Selected Letters of S. J. Perelman

edited by Prudence Crowther (Penguin Books: $10.95) Perelman was one of our greatest humorists (author of "Vinegar Puss," "Westward Ha!" as well as Marx Brothers movies; "Around the World in 80 Days," and countless pieces for The New Yorker and other journals), and yet little of his writing is in print and available.

This collection of his extraordinary correspondences (to his friends Edmund Wilson, Raymond Chandler, T. S. Eliot, E. B. White, and Groucho, among others) was nominated for the National Book Critics Circle Award. It is not only an epistolary autobiography, but also perhaps the best introduction to Perelman's distinctive prose style. As Prudence Crowther, the editor of this volume and Perelman's friend in the last years of his life, writes, "He never said anything in an ordinary fashion, but every spin was spontaneous."


Real and Imaginary

by Eileen Simpson (New American Library: $8.95) "Orphans: Real and Imaginary" is part memoir, part treatise on the condition of orphanhood.

After her husband of 20 years dies of cancer at age 57, Eileen Simpson's period of mourning unleashes unresolved memories of similarly significant early losses: Her mother died of tuberculosis when Eileen was 11 months old.

Her father, widowed at age 24, brought his little girls to be reared at a convent boarding school after their unsuccessful stays with both sets of grandparents. Seven years later he himself was dead of ptomaine poisoning, leaving Simpson and her older sister orphaned and alone. Legal battles between her maternal grandmother and uncle, named legal guardian by the father, prevented the girls' being claimed from the convent school for another two years--no family members even came to visit: "The weeping relatives at the cemetery--where were they? I wondered when month after month went by and they didn't come to see us." (In fact her maternal grandmother's frequent attempts to visit were blocked by her Uncle Vincent.) It took a judge and a legal suit that ate up much of the girls' inheritance before visiting privileges were established.

The second half of the book puts an orphan's lot into historical perspective; explores writers who were themselves orphans, such as Jean-Jacques Rousseau and Tolstoy; and examines the treatment of orphans in literature.

But the book's most poignant moments occur in the first half, as wrenching personal discoveries spill forth, conveying Simpson's bleak, deeply unhappy childhood.


Seven Stories

by Paul Bowles (Tombouctou Press, Box 265, Bolinas, Calif. 94924: $7) An estranged son celebrates New Year's Day with his parents, only to lace their glasses of champagne with cyanide. An eccentric Englishman is forced to leave home for Italy, then Italy for Morocco, as the police discover that tubes of blood in his refrigerators are not supplements for his health but instead sinister aperitifs.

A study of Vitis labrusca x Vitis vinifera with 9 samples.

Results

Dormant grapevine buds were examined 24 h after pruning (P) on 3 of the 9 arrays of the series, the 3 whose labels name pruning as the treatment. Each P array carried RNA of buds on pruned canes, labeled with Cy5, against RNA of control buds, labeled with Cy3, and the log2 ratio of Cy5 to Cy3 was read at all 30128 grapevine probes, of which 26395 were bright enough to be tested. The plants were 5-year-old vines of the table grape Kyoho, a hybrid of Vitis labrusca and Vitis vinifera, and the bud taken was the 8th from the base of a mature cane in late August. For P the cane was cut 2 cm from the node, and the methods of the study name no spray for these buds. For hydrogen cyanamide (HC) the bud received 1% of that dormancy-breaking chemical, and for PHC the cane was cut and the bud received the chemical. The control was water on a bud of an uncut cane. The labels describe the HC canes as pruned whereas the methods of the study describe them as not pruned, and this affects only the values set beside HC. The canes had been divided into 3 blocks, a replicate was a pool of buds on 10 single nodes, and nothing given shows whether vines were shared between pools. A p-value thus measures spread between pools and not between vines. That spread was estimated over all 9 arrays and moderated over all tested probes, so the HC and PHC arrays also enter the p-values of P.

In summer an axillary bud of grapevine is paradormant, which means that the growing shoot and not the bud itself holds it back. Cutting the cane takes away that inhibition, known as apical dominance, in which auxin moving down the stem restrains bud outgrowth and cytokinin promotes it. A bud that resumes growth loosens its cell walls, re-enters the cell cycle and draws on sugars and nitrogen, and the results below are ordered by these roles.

From 1932 to 1975, from New York and Massachusetts to Tangier, Paul Bowles' short stories range from conventional narration to unpunctuated, uninterrupted monologues, consistently bizarre and unnerving.

The title story, "Unwelcome Words," comprises six letters--not consistently brutal, but with enough suggestion of cruelty to make the reader cringe--written to a friend of long standing who is confined to a wheelchair as a result of his stroke. "I've often imagined being in your unenviable situation in the event of a fire or an earthquake. . . . I can see myself lying awake at night imagining in detail what it would be like to be asphyxiated by smoke or suddenly flung to the floor with a girder on top of my legs and the dust of plaster choking me."


by Jill Eisenstadt (Vintage Contemporaries: $6.95) A year in the lives of four Greater New York teen-agers as they graduate from high school, waste the summer together on the beach, and then break apart when one in the group leaves for college. Timmy and Chowder are beach bums in the guise of lifeguards who drink beer and drift around the beaches and township of Rockaway; Peg and Alex, their girlfriends. It is Alex, the brightest and most restless, who escapes to a New England college.

The novel, Jill Eisenstadt's first, is told in a series of seemingly unconnected stories, alternating among the four characters, from Rockaway to college and back again. Eisenstadt has a fine ear, and a genuine affection for her characters. "A series of feisty, compassionate literary Polaroids," Paul Rudnick called the book. " 'From Rockaway' is small but endearing, flecked with the moments in life when, as the author observes, 'there's nothing left to feel except young and a little sad.' "


Chronicles of L.A. Crime

and Mystery

by Marvin J. Wolf and Katherine Mader (Ballantine Books: $4.50) A grisly and chilling survey of the most infamous crimes committed in Los Angeles, from the conviction of Army privates John Smith and John Stokely for stealing $400 in 1847 to Vicki Morgan's brutal murder in 1983.

We learn of the extraordinary degree to which political and police corruption flourished in Los Angeles in the early half of the century; of the gambling ships of "Admiral" Tony Cornero docked in Santa Monica Bay, and of the time when Joseph Kennedy Sr. tried to frame his rival, Alexander Pantages, on a rape charge.

A gruesome reader's guide: The authors have supplied the Thomas Guide coordinates so that connoisseurs may locate the actual addresses of criminal sites.